KUALA LUMPUR (Mar 6): Former Sabah chief minister Tan Sri Musa Aman claimed trial yesterday to 16 counts of money laundering involving US$37.8 million ($51.2 million) and $2.5 million in the Sessions Court here.

Musa, 69, was firstly charged with directing his proxy Richard Christopher Barnes, who is also his lawyer, to open a UBS AG Bank account in Singapore on June 21, 2006 for the purpose of allegedly receiving the illegal money.

Alternatively, he is charged with asking Barnes to hide the fact that the bank account is owned by him to conceal his link to the illegal proceeds.

Besides this, Musa is charged with 14 counts of receiving the illegal proceeds at the UBS AG branch in Hong Kong between June 21, 2006 and March 25, 2008.

On the 16th charge, Musa is claimed to have directed Barnes to transfer all assets and future inflows from Barnes' UBS account to his own UBS account based in Zurich on May 14, 2008.

Musa is charged under Section 4(1) of the Anti-Money Laundering, Anti-Terrorism Financing and Proceeds of Unlawful Activities Act 2001, where he faces a maximum of 15 years in jail and a fine of five times the amount.

The money is said to be paid by individuals and a company in relation to the award of timber concessions.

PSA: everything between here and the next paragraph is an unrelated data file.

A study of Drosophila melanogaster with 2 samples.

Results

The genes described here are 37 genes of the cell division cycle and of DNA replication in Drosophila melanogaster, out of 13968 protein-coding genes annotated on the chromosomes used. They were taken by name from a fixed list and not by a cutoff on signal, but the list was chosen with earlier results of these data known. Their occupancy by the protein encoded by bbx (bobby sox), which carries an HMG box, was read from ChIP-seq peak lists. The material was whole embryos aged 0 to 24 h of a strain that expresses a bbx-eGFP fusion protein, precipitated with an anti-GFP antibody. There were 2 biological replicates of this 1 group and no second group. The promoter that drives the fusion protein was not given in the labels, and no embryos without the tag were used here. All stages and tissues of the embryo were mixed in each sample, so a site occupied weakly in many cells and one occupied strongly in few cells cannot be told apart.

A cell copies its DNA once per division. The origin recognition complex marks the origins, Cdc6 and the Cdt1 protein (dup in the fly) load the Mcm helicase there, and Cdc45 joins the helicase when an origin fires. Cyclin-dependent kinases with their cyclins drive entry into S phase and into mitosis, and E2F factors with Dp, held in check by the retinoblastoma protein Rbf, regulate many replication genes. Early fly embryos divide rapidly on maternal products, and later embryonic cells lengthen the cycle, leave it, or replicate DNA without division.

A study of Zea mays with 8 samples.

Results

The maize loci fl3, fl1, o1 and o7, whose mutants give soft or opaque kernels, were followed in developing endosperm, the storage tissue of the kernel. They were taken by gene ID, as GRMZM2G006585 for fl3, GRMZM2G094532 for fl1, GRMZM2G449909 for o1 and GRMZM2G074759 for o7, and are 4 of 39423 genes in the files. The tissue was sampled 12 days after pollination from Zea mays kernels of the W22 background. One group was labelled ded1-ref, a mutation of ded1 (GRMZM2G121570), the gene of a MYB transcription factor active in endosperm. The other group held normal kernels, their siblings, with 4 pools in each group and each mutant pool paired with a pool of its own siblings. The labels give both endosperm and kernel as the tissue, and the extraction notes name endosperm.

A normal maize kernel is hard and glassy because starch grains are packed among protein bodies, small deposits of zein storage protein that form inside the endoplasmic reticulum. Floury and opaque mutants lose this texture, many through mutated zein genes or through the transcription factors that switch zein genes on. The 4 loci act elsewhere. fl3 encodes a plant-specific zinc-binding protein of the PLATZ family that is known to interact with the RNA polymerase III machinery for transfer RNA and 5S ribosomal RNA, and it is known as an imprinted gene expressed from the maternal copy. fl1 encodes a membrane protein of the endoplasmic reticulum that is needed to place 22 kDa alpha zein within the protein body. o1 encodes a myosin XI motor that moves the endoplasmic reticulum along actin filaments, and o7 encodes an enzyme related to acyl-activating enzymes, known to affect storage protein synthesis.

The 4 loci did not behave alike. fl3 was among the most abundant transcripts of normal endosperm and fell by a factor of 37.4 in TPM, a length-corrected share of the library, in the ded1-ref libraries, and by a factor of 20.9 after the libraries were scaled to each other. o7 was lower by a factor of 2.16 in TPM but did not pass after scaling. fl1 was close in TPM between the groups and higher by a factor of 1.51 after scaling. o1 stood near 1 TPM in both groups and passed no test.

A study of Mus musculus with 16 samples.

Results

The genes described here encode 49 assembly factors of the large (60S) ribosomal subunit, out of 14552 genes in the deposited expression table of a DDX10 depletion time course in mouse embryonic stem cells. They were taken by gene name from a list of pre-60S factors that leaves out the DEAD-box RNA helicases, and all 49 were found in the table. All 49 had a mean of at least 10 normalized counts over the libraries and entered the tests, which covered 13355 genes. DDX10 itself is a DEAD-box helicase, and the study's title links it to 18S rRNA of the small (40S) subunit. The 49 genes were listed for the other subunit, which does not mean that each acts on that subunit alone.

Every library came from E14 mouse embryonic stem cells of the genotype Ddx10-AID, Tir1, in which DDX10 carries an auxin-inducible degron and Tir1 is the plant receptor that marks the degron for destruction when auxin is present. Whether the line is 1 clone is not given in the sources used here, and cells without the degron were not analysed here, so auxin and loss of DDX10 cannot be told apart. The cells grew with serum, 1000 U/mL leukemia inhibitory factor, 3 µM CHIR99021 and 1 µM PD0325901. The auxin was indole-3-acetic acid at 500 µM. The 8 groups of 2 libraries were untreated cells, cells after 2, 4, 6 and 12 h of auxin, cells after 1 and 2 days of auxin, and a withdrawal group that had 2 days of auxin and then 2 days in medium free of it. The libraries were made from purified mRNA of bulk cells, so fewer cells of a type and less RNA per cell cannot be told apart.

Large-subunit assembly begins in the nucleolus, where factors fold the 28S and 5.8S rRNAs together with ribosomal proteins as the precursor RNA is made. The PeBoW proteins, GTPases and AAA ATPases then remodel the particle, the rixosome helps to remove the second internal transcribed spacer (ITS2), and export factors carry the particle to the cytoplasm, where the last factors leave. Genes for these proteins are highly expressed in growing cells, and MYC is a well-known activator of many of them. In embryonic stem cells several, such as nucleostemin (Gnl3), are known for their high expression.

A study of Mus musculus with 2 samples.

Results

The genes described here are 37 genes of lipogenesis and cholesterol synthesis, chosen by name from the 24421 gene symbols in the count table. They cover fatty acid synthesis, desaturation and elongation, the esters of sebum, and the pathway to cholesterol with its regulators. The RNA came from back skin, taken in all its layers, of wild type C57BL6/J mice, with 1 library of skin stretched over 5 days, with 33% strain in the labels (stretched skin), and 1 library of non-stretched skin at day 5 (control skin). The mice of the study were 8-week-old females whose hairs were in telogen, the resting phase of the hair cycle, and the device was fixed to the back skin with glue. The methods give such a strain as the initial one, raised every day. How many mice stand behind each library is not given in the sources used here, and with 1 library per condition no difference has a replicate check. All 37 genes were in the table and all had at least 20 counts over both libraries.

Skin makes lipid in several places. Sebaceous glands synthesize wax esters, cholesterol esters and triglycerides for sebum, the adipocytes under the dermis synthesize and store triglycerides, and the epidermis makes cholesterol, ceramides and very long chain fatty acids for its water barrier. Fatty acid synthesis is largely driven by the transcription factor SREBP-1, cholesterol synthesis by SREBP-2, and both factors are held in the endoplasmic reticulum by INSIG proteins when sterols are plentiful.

On Nov 5, Musa claimed trial to 35 counts of graft involving US$63 million.

Earlier, deputy public prosecutor Raja Rozela Raja Toran informed Sessions Court Judge Rozina Ayob the prosecution had obtained two letters of certification from Hong Kong and Singapore diplomatic officers, to draft the charges as the offences took place in both countries.

Raja Rozela also told the court that the prosecution was asking for a joint trial for these new charges with the 35 that Musa already faces.

Musa's lawyers, led by Francis Ng Aik Guan, said that they had no objection to the application.

However, he pointed out that the defence may apply for the graft and money laundering charges to be struck out as the Hong Kong Independent Commission Against Corruption's (ICAC) review committee had issued a letter dated Dec 22, 2011 to Musa, stating that the commission had classified the case as no further action.

Judge Rozina fixed July 15 to July 26 for trial, should the case remain in her court, and also set April 15 for case management.

Outside the court, lawyer Amer Hamzah Arshad, who appeared for Musa, told reporters that besides bringing up the issue of the ICAC letter, they will also bring up the issue of former minister in the Prime Minister's department Datuk Seri Nazri Abdul Aziz's reply to a parliamentary question by Chua Tian Chang (PKR-Batu).

The lawyer said in the reply dated Oct 8, 2012 that Nazri said the Attorney General's Chambers had looked into the allegation of corruption and found that the monies were political contributions for Umno Sabah.

That, Amer Hamzah said, would be the basis of the defence application to strike out the charges.

This article first appeared in The Edge Financial Daily, on March 6, 2019.